Spiritual Custody Disputes

The recent media coverage regarding the divorce of Tom Cruise and Katie Holmes has brought to light custody issues that many parents may not be aware of: Spiritual Custody.  Spiritual custody comes into play when divorcing parents cannot come to an agreement about the religious upbringing of their children.  Typically, these disputes come from interfaith marriages that have ended up as interfaith divorces.

This creates a difficult situation for the courts and legal professionals, not to mention the children that are caught in the middle of such disputes.  In our system of government it is required to separate church and state. The courts cannot determine the one true path to God or even godlessness.  The courts are then left with determining what is “in the best interest of the children”.

Carmel divorce attorney, Clarissa Finnell, explains more about case law in Indiana concerning spiritual custody.  “Typically, a judge will look at the parent’s spiritual/religious practices in regards to their children prior to the divorce and keep the agreement similar to their previous arrangements.”  For example, if one parent was Catholic and the other Jewish, and the children had been attending a synagogue while the parents were married, a judge would usually rule for the children to continue that practice.  Finnell goes on to say, “Most interfaith parents have already decided how they are going to raise their children, in regards to theology, such as which holidays they will celebrate and where they will worship.  A judge wouldn’t rule to change those practices just because the couple is divorcing.”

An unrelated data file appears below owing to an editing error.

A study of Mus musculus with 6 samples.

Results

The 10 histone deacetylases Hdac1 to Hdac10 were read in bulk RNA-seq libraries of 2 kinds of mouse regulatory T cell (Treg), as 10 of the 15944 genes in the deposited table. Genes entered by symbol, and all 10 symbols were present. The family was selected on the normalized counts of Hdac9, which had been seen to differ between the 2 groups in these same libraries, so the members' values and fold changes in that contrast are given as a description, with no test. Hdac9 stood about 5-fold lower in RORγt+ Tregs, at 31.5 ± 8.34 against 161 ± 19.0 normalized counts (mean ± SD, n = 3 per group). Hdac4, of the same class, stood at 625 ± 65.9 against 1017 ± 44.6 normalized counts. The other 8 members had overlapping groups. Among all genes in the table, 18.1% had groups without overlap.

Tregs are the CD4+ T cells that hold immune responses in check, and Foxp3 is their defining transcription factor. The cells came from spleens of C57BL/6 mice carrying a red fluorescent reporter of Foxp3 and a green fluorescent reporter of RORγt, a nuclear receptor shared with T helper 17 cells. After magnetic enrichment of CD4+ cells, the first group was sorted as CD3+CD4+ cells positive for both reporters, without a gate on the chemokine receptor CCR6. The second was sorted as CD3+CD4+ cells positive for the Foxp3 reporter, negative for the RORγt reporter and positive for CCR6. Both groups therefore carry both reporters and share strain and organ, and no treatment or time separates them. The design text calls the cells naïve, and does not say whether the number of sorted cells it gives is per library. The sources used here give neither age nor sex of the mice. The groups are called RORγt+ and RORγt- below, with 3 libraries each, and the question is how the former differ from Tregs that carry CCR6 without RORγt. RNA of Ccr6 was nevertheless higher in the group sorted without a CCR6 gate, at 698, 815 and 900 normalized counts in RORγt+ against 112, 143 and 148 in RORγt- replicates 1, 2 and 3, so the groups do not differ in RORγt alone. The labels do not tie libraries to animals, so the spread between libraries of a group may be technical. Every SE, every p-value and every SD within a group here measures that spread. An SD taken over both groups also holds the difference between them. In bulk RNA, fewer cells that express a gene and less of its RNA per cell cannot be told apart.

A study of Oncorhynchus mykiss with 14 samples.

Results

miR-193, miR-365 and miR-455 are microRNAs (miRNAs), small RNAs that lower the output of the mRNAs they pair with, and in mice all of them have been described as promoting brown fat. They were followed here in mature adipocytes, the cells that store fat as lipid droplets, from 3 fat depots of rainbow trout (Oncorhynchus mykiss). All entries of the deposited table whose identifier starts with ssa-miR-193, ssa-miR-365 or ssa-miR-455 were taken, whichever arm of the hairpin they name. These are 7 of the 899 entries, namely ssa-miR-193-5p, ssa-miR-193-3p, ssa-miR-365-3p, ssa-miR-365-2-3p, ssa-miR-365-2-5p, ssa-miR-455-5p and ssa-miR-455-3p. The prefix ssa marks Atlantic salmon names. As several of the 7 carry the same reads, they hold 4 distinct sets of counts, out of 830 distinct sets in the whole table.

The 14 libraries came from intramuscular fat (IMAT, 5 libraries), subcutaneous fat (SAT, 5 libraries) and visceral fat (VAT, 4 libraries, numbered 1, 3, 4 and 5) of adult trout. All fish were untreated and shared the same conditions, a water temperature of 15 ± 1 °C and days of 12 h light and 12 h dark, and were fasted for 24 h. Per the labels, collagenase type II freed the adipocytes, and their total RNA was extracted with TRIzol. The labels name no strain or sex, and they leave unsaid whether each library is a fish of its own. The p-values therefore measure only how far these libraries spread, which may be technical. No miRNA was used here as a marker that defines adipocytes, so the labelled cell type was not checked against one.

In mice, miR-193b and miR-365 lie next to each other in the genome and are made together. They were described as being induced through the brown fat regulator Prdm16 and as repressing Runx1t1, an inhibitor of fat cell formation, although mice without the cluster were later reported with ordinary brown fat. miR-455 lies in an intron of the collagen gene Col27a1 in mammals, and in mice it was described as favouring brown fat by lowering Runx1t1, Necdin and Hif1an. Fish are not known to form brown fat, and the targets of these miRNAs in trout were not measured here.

There was a case in Indiana in which a divorcing couple who practiced Wicca was ordered to “take such steps as are needed to shelter [the child] from involvement and observation of these non-mainstream religious beliefs and rituals.” The father appealed the decision and the court of appeals overturned the order.  They ruled that “parents have a constitutionally recognized fundamental right to control the upbringing, education, and religious training of their children”.   It’s when the parents disagree on that religious training that legal professionals and the courts run up against tougher decisions.

Parents may define a child’s best interest in the condition of his soul. But the law can only assess it in the condition of his psyche.

To learn more about child custody in Indiana, click here.

Remember, these suggestions are not meant to be legal advice. You should consult a family law attorney to discuss the specifics of your situation.